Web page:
With ‘unsatisfactory’ help from White House, Inslee looks elsewhere for COVID-19 tests
At least 421 deaths, and nearly 9100 cases. Those are the latest coronavirus numbers in Washington state, according to the state Department of Health. Those numbers continue upward each day at the state and many county levels, but the rate they’re rising is trending slower, and is evidence we are flattening the curve with mitigation efforts.
It’s an indication that we will soon enter the next phase of the pandemic, according to health experts.
But as we keep hearing from Washington officials, we are not out of the woods yet.
“Unfortunately it’s really difficult to know if we are at peak activity,” said state health officer Kathy Lofy during a Monday press briefing. “We generally do not know that we have peaked in the state until we see about a 2 to 3 week decline in all of our data indicators, and we have not seen that yet.”
She says it’s also tough to predict future virus activity.
“It’s largely dependent on how well we continue to maintain social distancing practices,“ Lofy explained. “Most of the population is still susceptible to COVID-19 or is not immune yet, so if we let up on social distancing practices, we will likely see an increase in activity.”
There are also still significant testing issues.
“We are in a very, very unsatisfactory position,” Governor Inslee said Monday.
“This has been one of my greatest frustrations where the federal government has not acted with as much intensity of leadership that we need. We have hundreds of people that we would like to test today, including some at our long term care facilities that have had people infected in their facility that cannot get tested and the reason is that there’s not enough test kits — a swab, a vile with transport medium in it. Those kits are simply not available to us,” Inslee added, calling the lack of supplies massively frustrating.
Several Republican and Democratic members of Washington’s congressional delegation signed a letter pressing the Trump Administration to get Washington the supplies, warning that not having them undermined Washington’s ability to identify cases and has “serious repercussions for public health.”
In the meantime, Inlsee is shopping.
“As governor, I’m actually trying to procure them everywhere in the world right now. We are doing everything humanly possible but there’s a world shortage of these,” Inslee said.
And the governor says the kits aren’t the only issue.
“We also have to dramatically increase the ability to analyze these samples – meaning the analytic capacity of the whole system has to increase several fold, and … I don’t believe the federal government has come to terms with how much we have to increase testing capability,” Inslee said.
“We’re going to have to increase it dramatically as we come through this epidemic to allow people to safely return to work. I can’t overstate the need for increased capacity … the need for federal help on this, ” he added.
Otherwise, more tough decisions will have to be made.
“We’ve had to make triage decisions where if you have two places that need the kit, you’ve got to make hard decisions about the way to save the most life, and we’re making those decisions every day and they’re very, very difficult,” Inlsee explained, noting the state was doing everything it could but needs a lot more help.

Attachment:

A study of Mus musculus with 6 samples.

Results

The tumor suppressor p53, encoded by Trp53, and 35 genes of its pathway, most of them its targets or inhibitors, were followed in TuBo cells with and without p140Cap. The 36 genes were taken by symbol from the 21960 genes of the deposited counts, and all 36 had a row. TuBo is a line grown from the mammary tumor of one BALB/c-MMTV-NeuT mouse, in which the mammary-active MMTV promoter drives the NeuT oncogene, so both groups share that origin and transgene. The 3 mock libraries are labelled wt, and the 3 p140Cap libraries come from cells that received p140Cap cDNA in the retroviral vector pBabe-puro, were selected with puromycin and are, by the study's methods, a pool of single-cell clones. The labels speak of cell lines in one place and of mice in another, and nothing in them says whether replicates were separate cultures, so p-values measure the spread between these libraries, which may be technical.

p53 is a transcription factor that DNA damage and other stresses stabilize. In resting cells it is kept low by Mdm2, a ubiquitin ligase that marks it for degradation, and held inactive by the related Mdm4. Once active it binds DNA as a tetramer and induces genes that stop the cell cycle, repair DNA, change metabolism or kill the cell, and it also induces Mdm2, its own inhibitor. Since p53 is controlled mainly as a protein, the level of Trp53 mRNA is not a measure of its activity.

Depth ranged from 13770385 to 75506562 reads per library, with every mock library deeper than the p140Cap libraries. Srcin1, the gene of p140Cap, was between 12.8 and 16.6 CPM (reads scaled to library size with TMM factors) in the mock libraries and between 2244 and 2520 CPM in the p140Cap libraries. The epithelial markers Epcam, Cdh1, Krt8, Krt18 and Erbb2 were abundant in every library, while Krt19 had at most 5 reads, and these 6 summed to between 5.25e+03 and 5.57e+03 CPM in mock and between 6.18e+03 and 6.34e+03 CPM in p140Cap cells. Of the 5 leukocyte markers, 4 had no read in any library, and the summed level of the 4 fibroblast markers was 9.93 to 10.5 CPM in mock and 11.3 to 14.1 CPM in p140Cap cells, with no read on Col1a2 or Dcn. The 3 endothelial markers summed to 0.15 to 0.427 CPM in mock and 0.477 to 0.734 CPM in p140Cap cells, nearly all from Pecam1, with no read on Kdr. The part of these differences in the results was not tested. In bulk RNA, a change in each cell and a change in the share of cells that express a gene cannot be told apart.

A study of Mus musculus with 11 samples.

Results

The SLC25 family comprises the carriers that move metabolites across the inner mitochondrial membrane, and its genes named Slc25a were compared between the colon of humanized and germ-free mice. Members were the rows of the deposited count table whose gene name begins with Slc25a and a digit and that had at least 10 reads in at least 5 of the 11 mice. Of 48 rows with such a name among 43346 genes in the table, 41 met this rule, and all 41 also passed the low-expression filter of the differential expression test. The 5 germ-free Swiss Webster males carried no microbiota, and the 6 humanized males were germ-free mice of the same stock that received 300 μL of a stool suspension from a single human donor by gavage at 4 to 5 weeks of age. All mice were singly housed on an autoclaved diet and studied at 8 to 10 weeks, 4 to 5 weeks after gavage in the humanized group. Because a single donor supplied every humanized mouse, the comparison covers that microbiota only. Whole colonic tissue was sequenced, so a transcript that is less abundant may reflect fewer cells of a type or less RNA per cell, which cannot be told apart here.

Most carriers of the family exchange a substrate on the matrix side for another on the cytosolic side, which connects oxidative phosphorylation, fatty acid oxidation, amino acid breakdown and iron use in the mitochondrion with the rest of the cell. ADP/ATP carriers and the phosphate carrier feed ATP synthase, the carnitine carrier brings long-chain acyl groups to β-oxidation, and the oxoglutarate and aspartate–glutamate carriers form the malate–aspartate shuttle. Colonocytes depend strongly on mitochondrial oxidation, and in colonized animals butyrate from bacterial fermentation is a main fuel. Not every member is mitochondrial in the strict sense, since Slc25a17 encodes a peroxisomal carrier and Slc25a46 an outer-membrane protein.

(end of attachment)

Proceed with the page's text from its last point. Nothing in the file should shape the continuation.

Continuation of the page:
Later Monday, Lofy said there was some progress made when the state was able to secure an order on its own for several thousand kits, but more are needed.
All of the needed supplies and analysis play a big role in getting to that so-called “Phase 2” – code for when at least some of these restrictions can start to be lifted.
“We need to have the rapid ability to test folks who might develop symptoms because once we get down to very few cases, to assure that we don’t spring back, it’s going to be critical that we quickly identify folks infected with COVID, and get them isolated and then be able to contact their close contacts and get them quarantined,” said State Secretary of Health John Wiesman.
It will take more than that to start lifting the lock down, including making sure there is also plenty of capacity in case a second wave hits, as well all the medical protective gear – or PPE – and places people can go to isolate or quarantine if they don’t have a home or can’t stay at their own.
Once that’s all settled, they can start to consider next steps.
“We’ll need to be thinking about how we carefully reverse engineer lifting some of these community mitigation pieces that we have in place,” Wiesman said.
But to even consider that they will have to really good data.
“To be able to quickly identify any outbreaks in a particular area, so that if we need to – immediately in a smaller area – re-implement some of these measures,” Wiesman explained.
The governor’s current stay-at-home order lasts through at least May 4. A later order closed schools for in-person education for the rest of the school year, making it clear that districts should fine tune their distance learning models in case the closure needed to be further extended into the fall.